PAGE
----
Southwest Florida water experts are warning beachgoers, boaters, and the like – go in at your own risk. Calusa Waterkeeper and the Department of Health samplings show how even at beaches like Lynn Hall Beach Park, bacteria is showing in high amounts.
January bacteria sampling results include new locations this month like Bunche Beach, Hendry Creek, Mullock Creek, Spring Creek, and Estero River! Take a look at Pine Island; the results were very high this month all around.
Although Florida voters support water quality initiatives, they elect officials who are unwilling to make meaningful policy changes to stop water pollution throughout the state and in our own local watershed including the Caloosahatchee.
John Cassani shaped and defined the role of Calusa Waterkeeper, creating an outsized role for a private citizen in a nonprofit agency aimed at protecting and saving the water from the demands of roughly a million people, and sometimes protecting those people from the water.
Calusa Waterkeeper John Cassani, a man who has dedicated himself to the preservation of Southwest Florida’s waterways, plans to retire soon. Few people have been more passionate about protecting our waterways, making it his decadeslong mission to defend our right to drinkable, fishable, and swimmable waters.
Hundreds of dead fish have been spotted in Cape Coral canals and residents are not sure why this has been happening. John Cassani, who recently retired as the Calusa Waterkeeper, suggests decomposing organic debris as a possible cause.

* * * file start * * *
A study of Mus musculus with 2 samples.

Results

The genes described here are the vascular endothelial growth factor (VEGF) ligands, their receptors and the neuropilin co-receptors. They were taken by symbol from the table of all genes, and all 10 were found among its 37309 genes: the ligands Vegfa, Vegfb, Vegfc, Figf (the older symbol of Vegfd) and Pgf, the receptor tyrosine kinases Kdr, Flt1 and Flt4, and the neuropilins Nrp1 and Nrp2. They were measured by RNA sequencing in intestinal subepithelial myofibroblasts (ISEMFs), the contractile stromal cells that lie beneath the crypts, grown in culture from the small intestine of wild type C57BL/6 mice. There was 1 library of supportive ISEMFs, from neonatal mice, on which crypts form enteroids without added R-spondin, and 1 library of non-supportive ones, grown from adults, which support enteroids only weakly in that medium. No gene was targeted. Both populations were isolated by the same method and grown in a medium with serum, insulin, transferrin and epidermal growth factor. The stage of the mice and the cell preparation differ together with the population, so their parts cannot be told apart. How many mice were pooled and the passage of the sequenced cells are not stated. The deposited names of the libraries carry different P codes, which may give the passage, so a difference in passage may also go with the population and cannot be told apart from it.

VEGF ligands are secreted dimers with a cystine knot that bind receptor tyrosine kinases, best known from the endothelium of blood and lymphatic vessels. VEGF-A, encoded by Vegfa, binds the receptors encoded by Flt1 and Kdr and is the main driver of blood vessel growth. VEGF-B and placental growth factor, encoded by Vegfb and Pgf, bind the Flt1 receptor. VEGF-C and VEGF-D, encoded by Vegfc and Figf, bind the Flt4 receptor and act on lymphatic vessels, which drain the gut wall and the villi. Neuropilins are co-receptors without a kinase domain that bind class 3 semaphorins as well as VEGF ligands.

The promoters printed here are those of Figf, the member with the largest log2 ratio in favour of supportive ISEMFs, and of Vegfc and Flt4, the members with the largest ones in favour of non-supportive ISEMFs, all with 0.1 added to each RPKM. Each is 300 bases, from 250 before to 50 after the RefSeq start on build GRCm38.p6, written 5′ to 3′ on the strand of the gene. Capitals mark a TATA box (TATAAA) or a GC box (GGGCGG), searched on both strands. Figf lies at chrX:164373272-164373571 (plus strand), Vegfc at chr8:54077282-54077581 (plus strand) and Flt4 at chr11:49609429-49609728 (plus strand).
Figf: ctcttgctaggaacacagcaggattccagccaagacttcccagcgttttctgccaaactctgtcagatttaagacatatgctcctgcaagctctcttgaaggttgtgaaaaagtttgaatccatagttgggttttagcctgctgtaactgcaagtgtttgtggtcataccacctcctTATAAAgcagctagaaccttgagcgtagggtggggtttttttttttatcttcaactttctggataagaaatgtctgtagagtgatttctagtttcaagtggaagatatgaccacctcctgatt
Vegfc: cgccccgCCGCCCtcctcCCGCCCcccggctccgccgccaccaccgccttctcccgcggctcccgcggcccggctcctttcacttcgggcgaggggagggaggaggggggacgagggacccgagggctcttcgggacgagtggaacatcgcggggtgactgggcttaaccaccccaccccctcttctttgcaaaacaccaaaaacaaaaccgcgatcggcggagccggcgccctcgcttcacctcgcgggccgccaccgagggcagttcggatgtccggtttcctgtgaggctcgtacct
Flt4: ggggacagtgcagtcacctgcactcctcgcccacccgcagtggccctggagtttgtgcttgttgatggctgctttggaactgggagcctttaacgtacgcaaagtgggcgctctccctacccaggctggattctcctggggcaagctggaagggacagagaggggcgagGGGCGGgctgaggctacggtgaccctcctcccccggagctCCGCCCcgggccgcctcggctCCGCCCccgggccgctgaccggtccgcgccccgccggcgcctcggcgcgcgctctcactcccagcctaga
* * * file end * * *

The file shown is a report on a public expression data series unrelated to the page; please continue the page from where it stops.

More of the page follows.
Hurricane Ian and a red tide bloom combined to create dangerous conditions in coastal waters in Lee and Collier counties this year, and some water quality experts say they still would avoid swimming at many local beaches.
The Estero Council of Community Leaders (ECCL) is holding a town-hall style Public Forum on Greater Estero Water Quality and Environment Actions and Solutions at The Water School at FGCU on Wednesday, Jan. 25, starting at 6 p.m.
There was a time when the federal agency that manages Lake Okeechobee levels was concerned that a major hurricane or even a large tropical storm could cause lake waters to rise to the point that the dike surrounding the big lake would fail.
On this Giving Tuesday, and through the remainder of 2022, I invite you to join me in becoming a Monthly Defender, supporting our critical water and air testing program. If water is vital for all forms of life and the centerpiece of existence, let’s defend it!
We thank You for being a part of the Calusa Waterkeeper family, following our accomplishments and investing in our work. Your generous giving allows us to continue our prioritized water and air testing, especially now as dangerous Red Tide appears off the coast in many areas of SW Florida.
At this time of year, when we reflect on our many blessings, we can’t help but think of you, our loyal supporters who have given so much to Calusa Waterkeeper.